With the increase in data collection over the past two years by organizations in all industries, data observability programs are more necessary than ever.
The pressure of modern data delivery to meet higher volumes, variety, and velocity of data has been turned up to 10 in the past two years, with the pandemic supercharging many industries data collection to better inform users and improve applications. Many organizations are attempting to collect more data with the same tools as previous generations, and are not taking advantage of new processes such as data observability.
Without observability, an organization cannot be fully aware of broken pipelines, poor data quality, or cost-to-value. With it, organizations can study the health of enterprise data environments, apply machine learning to familiar methodologies for data quality, optimize data delivery across distributed architectures, and contribute to DataOps initiatives.
Data observability is part of a larger landscape of observability. With data observability, there are two disciplines of focus: data quality and data pipeline. Data quality observes the accuracy, completeness, and consistency of data, while data pipeline looks at resource performance, availability, and cost.
There are three lifecycle stages for data observability. The first is validation and detection, in which the program detects patterns, anomalies, outliers, and other nodes of data. From there, the observability platform should make assessments and predictions, which can be in the form of measuring impact, correlating events, or isolating root causes. Once assessments have been made, the data can then be used to resolve issues or prevent future events from happening. “Your number one goal is to prevent issues affecting customers. That involves fast resolution and proactive identification,” said Kevin Petrie, VP of research at Eckerson Group at the CDO TechVent virtual event on Data Observability.
Some of the key success factors are establishing a strategic plan at the start of the project, with a capable data leader who is able to build a cross-functioning team to build the data observability program. The team must identify key control points within the data pipeline that make the most sense to check quality and risk. This can reduce bottlenecks and other issues with data quality and data pipeline checks in the future.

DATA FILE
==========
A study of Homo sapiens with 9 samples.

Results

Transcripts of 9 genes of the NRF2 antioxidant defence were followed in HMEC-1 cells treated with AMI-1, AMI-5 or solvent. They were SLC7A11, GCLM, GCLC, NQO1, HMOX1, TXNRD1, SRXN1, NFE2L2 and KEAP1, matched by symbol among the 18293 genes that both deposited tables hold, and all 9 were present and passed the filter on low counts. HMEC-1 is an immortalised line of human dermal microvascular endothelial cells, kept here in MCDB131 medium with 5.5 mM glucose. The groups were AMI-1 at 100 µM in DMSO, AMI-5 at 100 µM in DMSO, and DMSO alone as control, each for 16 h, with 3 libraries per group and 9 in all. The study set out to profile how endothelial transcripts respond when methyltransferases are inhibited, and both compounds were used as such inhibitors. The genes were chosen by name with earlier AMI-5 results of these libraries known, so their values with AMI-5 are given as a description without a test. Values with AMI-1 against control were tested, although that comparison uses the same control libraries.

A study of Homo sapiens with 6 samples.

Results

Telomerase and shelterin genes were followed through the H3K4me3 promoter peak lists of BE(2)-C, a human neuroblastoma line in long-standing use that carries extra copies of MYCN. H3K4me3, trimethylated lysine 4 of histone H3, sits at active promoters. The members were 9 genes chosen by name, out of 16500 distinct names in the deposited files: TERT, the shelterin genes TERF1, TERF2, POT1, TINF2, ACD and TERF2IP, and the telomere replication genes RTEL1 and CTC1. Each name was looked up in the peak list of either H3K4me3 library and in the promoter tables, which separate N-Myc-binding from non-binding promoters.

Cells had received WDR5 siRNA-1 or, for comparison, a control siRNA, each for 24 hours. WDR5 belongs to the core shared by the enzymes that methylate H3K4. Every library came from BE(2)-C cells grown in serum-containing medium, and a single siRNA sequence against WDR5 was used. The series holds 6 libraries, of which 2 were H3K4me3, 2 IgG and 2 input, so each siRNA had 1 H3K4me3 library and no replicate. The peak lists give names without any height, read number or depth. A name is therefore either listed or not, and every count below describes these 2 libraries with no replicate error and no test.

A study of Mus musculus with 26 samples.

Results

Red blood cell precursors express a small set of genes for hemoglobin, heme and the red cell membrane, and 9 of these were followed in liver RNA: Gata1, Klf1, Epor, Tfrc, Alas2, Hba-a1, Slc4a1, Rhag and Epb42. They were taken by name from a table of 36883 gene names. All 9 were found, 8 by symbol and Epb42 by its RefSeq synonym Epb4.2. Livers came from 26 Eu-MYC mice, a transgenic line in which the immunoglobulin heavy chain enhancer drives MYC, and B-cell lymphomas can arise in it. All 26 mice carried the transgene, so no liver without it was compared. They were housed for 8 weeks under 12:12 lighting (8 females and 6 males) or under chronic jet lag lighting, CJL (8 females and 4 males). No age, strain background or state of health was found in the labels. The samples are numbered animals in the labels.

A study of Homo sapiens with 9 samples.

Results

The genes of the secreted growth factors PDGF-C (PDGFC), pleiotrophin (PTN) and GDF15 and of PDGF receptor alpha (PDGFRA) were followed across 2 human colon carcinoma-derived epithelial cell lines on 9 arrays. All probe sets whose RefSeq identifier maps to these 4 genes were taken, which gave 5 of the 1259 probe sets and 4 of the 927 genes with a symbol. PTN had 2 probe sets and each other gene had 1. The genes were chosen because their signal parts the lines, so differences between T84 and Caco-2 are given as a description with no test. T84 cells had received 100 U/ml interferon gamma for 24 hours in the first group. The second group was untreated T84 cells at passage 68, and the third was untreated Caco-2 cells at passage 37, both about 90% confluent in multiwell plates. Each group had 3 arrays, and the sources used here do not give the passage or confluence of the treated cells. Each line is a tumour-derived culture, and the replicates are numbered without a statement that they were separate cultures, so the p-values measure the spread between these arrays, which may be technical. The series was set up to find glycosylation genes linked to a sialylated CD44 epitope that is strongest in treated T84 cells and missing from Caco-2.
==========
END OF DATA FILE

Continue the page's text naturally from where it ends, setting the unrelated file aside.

“There’s a lot of enthusiasm about tools, about the ways in which anomaly detection machine learning algorithms are helping to adapt to this new world where you have cloud-driven, digital transformation-driven environments which need a lot more to track,” said Petrie. “But, you also need people and process and that’s an overriding factor as a success factor in data observability.”
Culture also plays an important factor in the success of a data observability project. “If you have smart people and they know what they’re doing and understand the data, that is great, but they also need to be empowered to make those decisions and that’s where the culture question comes in,” said Laura Sebastian-Coleman, data quality director at Prudential Financial. “Organizations that want to make the most of their data and get value from it need to also trust their people and fund how that data will be improved. That’s why it’s important while adopting these tools that the organization has clear governance over how to use the findings and who will make decisions.”
There are a lot of benefits of implementing a fully-functioning data observability program, including improved business agility, efficiency, and productivity, alongside reduced security risk and more data uptime. All factors which can lead to competitive edge, improved hiring, and increased revenue generation.